Mecklenburg County Community Support Services released today (September 26) the annual Housing Instability & Homelessness Report. The Housing Instability and Homelessness Report is the only community housing report that combines all data on housing and homelessness across the continuum.
This blog post describes key findings from the report and what it means for Charlotte-Mecklenburg.
THE FULL HOUSING CONTINUUM
Housing Instability, homelessness and stable housing each comprise their own ecosystem within the housing continuum and, when considered together, can be viewed as a part of a larger ecosystem that is impacted by other systems and structures including childcare, transportation, and healthcare. The challenges that lead to increased homelessness and housing instability are linked, which means that effective solutions must address the processes and relationships across the continuum.
Key findings for each of these sections are provided on pages 12-14.
Housing instability and homelessness indicators reflect an overall increase in the need for both access to and inventory of affordable housing. While Charlotte-Mecklenburg continues to make some progress in the work to end and prevent homelessness and increase affordable housing, it is not enough, especially for households of color and for those at the lowest income.
- More than half of African American and Latinx renter households are cost-burdened, spending more than 30% of their income on housing related expenses. This sustained trend reflects a pattern of systems and structures that have historically and continue to perpetuate disproportionate access to wealth and resources.
- There were 2,106 individuals experiencing homelessness in the community between FY18 and FY19. There was an average of 617 calls per month to NC 2-1-1 requesting housing assistance, indicating a continued need for housing that is affordable.
- The largest gap in affordable housing continues to be for households earning below 30% of Area Median Income (AMI). In 2017, this gap was a 27,022 unit gap between the number of households at or below 30% AMI in Mecklenburg County and the number of units affordable and available to those households. In addition, more than 1,600 units in subsidized developments are at risk of losing their subsidies in the next 10 years. This gap impacts the homelessness ecosystem, which saw an average increase of 28 days in emergency shelter.
Each year, the Housing Instability & Homelessness Report expands with new data. The 2019 Report has three important new data findings:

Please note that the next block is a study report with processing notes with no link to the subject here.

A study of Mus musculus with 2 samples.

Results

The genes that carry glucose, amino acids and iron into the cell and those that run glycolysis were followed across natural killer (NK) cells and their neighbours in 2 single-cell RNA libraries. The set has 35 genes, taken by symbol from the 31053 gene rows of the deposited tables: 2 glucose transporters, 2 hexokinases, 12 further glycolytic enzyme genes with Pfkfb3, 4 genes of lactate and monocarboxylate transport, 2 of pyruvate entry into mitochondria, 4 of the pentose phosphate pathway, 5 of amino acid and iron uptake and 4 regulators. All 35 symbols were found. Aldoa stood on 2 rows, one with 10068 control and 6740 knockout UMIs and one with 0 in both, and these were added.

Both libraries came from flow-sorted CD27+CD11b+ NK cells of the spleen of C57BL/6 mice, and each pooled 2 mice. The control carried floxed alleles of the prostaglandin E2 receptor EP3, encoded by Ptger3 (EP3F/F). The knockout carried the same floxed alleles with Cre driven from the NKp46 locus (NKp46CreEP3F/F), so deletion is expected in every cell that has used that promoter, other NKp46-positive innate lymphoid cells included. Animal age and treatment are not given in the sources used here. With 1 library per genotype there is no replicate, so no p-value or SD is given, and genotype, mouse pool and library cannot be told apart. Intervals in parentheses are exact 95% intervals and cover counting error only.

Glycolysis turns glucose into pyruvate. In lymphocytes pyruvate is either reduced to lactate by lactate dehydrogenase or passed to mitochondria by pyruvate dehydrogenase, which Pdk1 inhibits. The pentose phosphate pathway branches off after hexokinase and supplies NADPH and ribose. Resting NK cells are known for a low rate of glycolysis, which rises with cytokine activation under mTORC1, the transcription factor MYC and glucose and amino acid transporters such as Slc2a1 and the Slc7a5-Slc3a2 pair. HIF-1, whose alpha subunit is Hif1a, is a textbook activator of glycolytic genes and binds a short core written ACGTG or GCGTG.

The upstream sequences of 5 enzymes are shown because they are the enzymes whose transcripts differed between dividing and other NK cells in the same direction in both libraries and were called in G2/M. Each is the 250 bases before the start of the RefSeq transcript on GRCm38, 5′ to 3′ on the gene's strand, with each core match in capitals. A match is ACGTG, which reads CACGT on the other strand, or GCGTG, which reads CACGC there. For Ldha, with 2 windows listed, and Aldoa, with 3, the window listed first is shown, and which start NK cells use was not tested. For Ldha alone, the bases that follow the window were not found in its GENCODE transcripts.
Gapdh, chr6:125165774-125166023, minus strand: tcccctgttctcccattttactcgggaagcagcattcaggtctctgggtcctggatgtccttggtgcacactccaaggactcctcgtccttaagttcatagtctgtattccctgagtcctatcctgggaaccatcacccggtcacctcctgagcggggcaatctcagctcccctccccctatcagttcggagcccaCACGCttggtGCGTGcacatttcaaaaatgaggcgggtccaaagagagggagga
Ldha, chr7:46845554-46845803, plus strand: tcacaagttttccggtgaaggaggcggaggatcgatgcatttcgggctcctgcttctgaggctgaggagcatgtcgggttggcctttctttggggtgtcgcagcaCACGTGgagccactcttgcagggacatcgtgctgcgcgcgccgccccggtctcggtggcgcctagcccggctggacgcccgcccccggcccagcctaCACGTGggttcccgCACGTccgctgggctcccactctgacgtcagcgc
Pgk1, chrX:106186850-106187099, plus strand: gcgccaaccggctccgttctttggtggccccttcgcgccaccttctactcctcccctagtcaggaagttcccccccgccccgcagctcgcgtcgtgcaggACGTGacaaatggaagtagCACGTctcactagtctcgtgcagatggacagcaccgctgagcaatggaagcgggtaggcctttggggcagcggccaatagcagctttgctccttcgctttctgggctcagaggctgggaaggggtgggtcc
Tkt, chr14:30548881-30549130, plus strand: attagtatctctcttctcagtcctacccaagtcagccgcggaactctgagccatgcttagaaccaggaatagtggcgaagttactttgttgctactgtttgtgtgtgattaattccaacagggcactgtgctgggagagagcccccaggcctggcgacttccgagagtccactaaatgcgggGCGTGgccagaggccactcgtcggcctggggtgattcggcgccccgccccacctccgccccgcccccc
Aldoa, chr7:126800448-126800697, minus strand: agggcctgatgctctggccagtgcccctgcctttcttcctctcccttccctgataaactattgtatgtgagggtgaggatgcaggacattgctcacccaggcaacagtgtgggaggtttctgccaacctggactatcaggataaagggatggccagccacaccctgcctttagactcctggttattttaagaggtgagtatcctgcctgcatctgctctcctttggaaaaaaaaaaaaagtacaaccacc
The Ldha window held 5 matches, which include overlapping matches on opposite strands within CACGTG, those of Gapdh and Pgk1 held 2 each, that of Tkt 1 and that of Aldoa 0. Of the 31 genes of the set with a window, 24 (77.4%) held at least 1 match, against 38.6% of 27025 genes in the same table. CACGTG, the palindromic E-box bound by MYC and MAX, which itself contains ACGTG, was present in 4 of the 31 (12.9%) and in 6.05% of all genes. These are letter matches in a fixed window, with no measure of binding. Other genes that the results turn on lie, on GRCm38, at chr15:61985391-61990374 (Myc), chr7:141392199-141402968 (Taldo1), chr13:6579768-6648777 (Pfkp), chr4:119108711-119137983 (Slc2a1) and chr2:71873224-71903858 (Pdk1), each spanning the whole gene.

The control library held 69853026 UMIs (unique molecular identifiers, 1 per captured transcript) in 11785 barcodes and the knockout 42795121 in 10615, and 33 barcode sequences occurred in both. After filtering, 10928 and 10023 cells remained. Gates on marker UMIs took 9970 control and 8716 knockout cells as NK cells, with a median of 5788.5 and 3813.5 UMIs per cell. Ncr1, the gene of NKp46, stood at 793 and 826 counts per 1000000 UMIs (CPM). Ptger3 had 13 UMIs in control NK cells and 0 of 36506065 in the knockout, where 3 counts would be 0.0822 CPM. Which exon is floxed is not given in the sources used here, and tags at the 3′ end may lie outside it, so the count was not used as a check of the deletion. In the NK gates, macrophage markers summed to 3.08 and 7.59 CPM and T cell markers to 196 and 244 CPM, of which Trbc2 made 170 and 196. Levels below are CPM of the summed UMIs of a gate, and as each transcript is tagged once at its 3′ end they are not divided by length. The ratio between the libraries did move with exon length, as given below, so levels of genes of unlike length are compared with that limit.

- The 2019 report expands upon last year’s analysis on the rental mismatch to include all of Mecklenburg County. The rental mismatch analysis helps visualize the gap in between the number of households at or below 30% AMI in Mecklenburg County and the number of units affordable and available to those households. Understanding where the largest gaps exist is critical to target community resources and effectively address the shortage of housing.
- The 2019 report debuts the “One Number,” which more accurately reflects how many people are currently experiencing homeless in Charlotte-Mecklenburg. Whereas the Point-in-Time Count number provides a one-night snapshot in January, the One Number, which is generated from HMIS, provides a comprehensive and real-time snapshot of individuals actively experiencing sheltered and unsheltered homelessness. The One Number will continue to be updated regularly via the Dashboard.
- The 2019 report features data from the National Housing Preservation Database, which was developed to help preserve affordable, federally-funded, public housing stock. The report outlines how many affordable rental units with federal subsidies will expire in the next 5 to 20 years. In order to effectively address the affordable housing shortage in Charlotte-Mecklenburg, it is important to know how many units are at risk of being losing their affordability in addition to knowing the shortage, or gap that currently exists.
It is important to understand the problems unique to each component of the housing continuum as well as the connections across the system. Ending and preventing homelessness and reducing housing instability requires a comprehensive, collaborative and coordinated community approach.
To learn more about how to use the information from the report, download the Toolkit here.
Courtney Morton coordinates posts on the Building Bridges Blog. Courtney is the Housing & Homelessness Research Coordinator for Mecklenburg County Community Support Services. Courtney’s job is to connect data on housing instability, homelessness and affordable housing with stakeholders in the community so that they can use it to drive policy-making, funding allocation and programmatic change.
Bridget Anderson is a Social Research Specialist at the UNC Charlotte Urban Institute. She works to provide data insights for community issues relating to homelessness, public health, and social capital.